Originally posted on Cippin on Sports  |  Last updated 8/30/12

After the Carolina Panthers made him their first overall pick for the 2011 NFL Draft, quarterback Cam Newton did his best to replicate his success of the 2010 season with the Auburn Tigers. Unfortunately, despite Newton’s outstanding performance, the Panthers struggled notably throughout the 2011 season and even this Rookie of the Year could not take the team to the Super Bowl. But Newton’s individual achievements during the 2011 season were indisputable. So much so, that Newton adversaries are questioning whether this record-holding superstar will actually be able to continue living up to last year’s standards and success on the football field or if he, like many others before him, will fall victim to what is known as the “sophomore slump”.

The infamous sophomore slump, evident in lowered performance following a year of high performance, has been a notable phenomenon in many rookies that surpass expectations in their first year. This was true for Cam Newton’s first year with the Carolina Panthers. Following his success at Auburn University and his win of the Heisman Trophy, Newton had one of the most impressive years in rookie quarterback history, accumulating 21 touchdown passes, 14 touchdown runs, and 706 yards rushing. While Newton may be able to replicate the yards rushed, scoring these same numbers of touchdowns again will be nearly impossible to pull off taking into account that other prominent rushing quarterbacks, such as Kordell Stewart, never achieved double digit rushing touchdowns more than once in their careers. Thus, from a purely statistical standpoint, it would be borderline miraculous for him to achieve similar or higher numbers this year.

Yet, Newton stresses repeatedly, that the word ‘slump’ is not in his vocabulary and promises to continue to impress the crowds with what have come to be known as Superman-type numbers. Rather than fearing a slump this upcoming season, the question should instead be rephrased as ‘What can be statistically expected of Cam Newton in his second NFL year?’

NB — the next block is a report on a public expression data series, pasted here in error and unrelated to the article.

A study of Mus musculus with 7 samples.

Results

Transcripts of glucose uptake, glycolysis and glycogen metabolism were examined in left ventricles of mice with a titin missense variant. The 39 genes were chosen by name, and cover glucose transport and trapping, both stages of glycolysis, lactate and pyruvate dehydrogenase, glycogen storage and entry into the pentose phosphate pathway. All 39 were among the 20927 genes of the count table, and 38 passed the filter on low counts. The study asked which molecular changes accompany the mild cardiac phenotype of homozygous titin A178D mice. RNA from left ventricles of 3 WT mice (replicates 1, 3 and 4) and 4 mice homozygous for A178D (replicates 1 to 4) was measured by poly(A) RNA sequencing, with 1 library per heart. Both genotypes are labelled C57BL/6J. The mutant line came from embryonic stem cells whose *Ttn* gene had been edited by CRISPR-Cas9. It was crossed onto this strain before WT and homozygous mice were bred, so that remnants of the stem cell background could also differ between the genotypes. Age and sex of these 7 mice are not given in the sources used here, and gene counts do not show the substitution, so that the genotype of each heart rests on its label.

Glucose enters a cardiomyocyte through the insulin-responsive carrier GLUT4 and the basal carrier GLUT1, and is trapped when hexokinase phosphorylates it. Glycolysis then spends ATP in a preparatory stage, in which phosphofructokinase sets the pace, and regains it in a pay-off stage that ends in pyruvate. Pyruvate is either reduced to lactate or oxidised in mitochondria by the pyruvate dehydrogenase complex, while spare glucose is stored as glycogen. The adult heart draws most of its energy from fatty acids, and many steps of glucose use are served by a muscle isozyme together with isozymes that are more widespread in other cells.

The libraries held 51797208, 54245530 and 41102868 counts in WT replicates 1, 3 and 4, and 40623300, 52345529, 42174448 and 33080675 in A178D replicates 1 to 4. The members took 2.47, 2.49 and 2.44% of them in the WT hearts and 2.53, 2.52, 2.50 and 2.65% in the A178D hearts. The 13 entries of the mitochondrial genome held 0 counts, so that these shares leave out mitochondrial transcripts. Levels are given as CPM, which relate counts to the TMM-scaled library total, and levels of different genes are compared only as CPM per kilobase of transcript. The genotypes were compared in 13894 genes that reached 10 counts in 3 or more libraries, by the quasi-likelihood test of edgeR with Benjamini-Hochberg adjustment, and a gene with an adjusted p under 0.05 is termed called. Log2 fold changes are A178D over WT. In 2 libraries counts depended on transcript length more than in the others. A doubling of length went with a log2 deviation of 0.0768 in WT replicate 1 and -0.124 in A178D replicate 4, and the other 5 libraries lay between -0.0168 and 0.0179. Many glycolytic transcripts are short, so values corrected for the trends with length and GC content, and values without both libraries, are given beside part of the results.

Of course, when considering the highlights and achievements of Newton’s last season, it may make sense to assume that this year’s numbers will be significantly lower. He holds the NFL record for the most passing yards by a rookie, a title he achieved when he passed for 4,051 yards, breaking Peyton Manning’s former record of 3,739 yards. Newton also attained the 2011 NFL record for the most rushing touchdowns by a quarterback, 14, in any single season. And these are only the numbers. In his first year playing for the Carolina Panthers, Newton was also named AP Offensive Rookie of the Year, Pepsi NFL Rookie of the Year, Sporting News Rookie of the Year, PFWA Offensive Rookie of the Year, and three-times awarded Pepsi NFL Rookie of the Week.

With such tremendous success in a single year, is it realistic to expect statistical outcomes that come anywhere close to or even top last year’s achievements? Speculations of factors that could impact his performance this season include the possibility of a negative impact caused by the addition of running back Mike Tolbert on Newton’s goal line carries. Another belief is that in his second season with the Panthers, defenses on opposing teams will be more likely to have figured out and anticipate Newton’s signature moves. Of course, when considering statistical probability of similar outcomes to last season, it is important to acknowledge that a regression toward the mean may be the most prominent inhibiting factor this year.

Nevertheless, according to his sources, Cam Newton is determined to not only disprove the common conception that rookies with a successful first year will generally experience a significant decline the following season. In the end, only his determination and unmatched skill set will determine whether Cam Newton can once again defy all odds and use his Superman moves to score record numbers this season.